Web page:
Robot Koch Robot KochSongs For Trees And Cyborgs
7.9 / 10
- Artista: Robot Koch,
When all the fish are sold, and when you know that out there loads of people are waiting to steal your wallet while you’re watching whatever they’re performing, you have to choose carefully and intelligently what sounds and moods you’re going to create. You wouldn’t want to be taken for some smarty-pants who takes advantage of the zeitgeist and the weakness of others. The new instrumental hip-hop –call it wonky, call it new beat, heck, you can call it Art Vandelay, I don’t care– is an overstuffed turkey that is starting to show cracks in its skin. It’s becoming impossible to contain all the stuffing that’s started to accumulate inside a movement that started out as a delicatessen but now looks more like a Kentucky Fried Chicken bucket full of wings. I’m saying this because I’m happy to see there’s still some heads out there with new dishes on offer, even if they are made with all the usual ingredients. That’s quite a challenge.
Robert Koch didn’t jump on any bandwagon. He has been trying to tune it to his liking, revolving a viscous mass of glitches, freak beats, IDM and dubstep with a cadence and dynamic of their own. The Berliner has plenty of platforms to do so. We can find traces of him in the trio Jahcoozi, enjoy his Robots Don’t Sleep imprint, and listen endlessly to his debut “Death Star Droid” LP and his various EPs. The style is certain. As easy as it is nowadays to associate names and uncover influences, we find ourselves here with this second album, a complicated collection that confidently dodges comparisons and shows itself as some kind of independent republic of beat-making, without Californian affiliations or anything else of the kind. Koch has made the term “barefoot” (a confusing label for the new bass mutations) his own, and rightly so, and established a parallel dimension of cybernetic groove that distorts the senses.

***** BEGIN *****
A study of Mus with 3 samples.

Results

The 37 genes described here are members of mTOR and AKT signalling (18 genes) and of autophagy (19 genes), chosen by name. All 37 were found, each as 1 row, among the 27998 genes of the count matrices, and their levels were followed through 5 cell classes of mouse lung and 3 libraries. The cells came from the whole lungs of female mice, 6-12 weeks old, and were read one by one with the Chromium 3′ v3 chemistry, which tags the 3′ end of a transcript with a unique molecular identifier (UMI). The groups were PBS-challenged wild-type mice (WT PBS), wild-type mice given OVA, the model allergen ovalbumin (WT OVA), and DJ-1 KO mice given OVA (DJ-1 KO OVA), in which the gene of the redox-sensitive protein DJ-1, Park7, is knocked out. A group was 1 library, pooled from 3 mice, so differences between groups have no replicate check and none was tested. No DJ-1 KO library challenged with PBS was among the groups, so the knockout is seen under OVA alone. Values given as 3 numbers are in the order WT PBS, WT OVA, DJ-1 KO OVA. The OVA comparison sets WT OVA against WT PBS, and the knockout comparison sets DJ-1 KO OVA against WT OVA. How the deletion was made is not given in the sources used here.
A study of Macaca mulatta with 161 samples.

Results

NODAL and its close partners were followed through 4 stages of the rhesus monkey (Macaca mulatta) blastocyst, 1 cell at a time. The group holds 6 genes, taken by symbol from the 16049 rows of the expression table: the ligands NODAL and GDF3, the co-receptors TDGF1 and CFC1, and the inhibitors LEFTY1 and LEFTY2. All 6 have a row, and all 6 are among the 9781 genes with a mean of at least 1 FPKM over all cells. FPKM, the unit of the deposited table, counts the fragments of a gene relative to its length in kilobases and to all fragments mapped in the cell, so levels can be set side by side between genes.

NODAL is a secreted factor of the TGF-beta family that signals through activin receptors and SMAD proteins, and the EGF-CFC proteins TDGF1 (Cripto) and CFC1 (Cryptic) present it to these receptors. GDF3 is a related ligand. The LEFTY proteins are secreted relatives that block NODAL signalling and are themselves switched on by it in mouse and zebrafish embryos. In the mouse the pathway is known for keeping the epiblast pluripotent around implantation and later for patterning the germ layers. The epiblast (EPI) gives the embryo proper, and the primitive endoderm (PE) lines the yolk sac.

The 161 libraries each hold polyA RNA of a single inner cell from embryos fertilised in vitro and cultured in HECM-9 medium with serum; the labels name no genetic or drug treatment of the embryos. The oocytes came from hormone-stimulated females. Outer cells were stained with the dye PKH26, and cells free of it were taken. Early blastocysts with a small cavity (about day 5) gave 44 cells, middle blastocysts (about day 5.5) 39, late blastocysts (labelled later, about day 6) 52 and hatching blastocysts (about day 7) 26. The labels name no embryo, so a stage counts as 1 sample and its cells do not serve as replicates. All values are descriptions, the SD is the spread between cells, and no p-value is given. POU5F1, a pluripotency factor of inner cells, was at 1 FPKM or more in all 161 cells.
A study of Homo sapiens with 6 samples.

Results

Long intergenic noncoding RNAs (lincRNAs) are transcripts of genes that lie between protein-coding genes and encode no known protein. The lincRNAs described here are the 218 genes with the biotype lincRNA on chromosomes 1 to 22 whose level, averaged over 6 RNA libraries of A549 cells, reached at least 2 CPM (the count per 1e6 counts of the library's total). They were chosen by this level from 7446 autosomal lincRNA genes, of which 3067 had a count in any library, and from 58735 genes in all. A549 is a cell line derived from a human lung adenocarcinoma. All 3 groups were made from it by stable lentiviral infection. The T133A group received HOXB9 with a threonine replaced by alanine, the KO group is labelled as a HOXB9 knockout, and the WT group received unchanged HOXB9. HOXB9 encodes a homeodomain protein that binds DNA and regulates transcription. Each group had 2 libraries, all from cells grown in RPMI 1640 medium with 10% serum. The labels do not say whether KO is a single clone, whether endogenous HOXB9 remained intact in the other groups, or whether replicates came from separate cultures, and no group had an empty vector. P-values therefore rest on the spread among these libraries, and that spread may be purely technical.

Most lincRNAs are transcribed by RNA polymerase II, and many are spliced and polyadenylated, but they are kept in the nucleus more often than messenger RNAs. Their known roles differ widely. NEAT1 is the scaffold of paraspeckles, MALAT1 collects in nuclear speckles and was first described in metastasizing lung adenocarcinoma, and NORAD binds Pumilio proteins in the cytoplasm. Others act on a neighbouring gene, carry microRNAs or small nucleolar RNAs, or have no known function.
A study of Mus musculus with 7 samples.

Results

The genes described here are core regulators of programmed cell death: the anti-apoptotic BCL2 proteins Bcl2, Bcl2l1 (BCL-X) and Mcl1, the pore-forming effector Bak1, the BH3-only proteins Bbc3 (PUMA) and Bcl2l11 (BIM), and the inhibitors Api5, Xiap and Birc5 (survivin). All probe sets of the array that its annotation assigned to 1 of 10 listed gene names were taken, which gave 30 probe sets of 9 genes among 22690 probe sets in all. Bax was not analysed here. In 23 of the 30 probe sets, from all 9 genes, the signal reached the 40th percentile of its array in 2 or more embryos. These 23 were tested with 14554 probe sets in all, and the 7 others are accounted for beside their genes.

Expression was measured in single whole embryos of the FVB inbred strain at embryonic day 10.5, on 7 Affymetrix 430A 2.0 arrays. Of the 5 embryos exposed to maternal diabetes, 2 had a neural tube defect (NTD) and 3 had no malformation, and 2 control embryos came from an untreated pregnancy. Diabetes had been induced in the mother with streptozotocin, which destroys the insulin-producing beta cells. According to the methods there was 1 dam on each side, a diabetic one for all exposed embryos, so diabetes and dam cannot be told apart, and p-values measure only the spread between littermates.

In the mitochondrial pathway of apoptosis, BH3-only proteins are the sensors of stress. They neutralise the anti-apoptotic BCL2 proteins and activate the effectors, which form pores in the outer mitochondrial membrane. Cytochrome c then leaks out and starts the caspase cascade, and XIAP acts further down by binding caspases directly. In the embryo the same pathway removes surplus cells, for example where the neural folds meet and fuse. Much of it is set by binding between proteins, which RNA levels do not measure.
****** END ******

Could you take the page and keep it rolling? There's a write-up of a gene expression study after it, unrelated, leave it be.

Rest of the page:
The weight of dubstep is notable on the more smouldering and nocturnal tunes. “Powerstrip 66”, with its intermittent synthesisers, cetacean bass lines, echoes and distortion, is clearly in debt to the Croydon lot. And the reverb and phantasmagoric atmospheres of “Water And Solutions” evoke the excruciating coldness of urban (and stoned) sounds of London ghettos. It’s a fact: when it comes to spectral, cold-sweated beats, Koch is the infallible master; his sordid stories written in blood on Ableton are a winning card in a songbook containing hardly any imperfections.
In this tessitura of wonky metallurgy, Koch surrounds himself with an extravagant universe that is a cross of science-fiction, cosmology, soundtrack music and horror films. Without the gore, though. Without intestines. Everything he does breathes a production elegance and finesse for which many would kill. There’s the emo-minimal psychedelica of “Patience”, the industrial beat of “Late Introduction”, the unnerving “Night On Mars” (hip-hop, crooked violins and laser beams), and the hypnotic effects with vocal samples of “Threats” – top notch disco, IMHO. The German is also unafraid to show some muscle to those who laugh at his biceps: he’s down right scary on “Break The Silence”, an atrocity that could be labelled as hardcore dubstep metal. If you listen to it on your headphones, hold tight because your heart could just jump out through your mouth. But it’s not all heavenly music. The Robot loses impact when he introduces vocals, as we can hear on “Atari You” –great Dilla beats, with a touch of goth, but tiresome lyrics and warbles, “Verbal Bruises” (which stinks of Portishead) and “Brujeria”, with that Café Del Mar-like female vocal. On this record of monolithic beats, android digitalism and infectious wonky, total abstraction is the only way to get to the bone. Vocals are for the opera. Apart from these three small gaps, “Songs For Trees And Cyborgs” rise before us with an overwhelming aura, as a force capable of folding us backwards like smoking papers and leaving us with our ears seriously marked with saw-tooth scores. Fin-de-siècle music for the beginning of the century.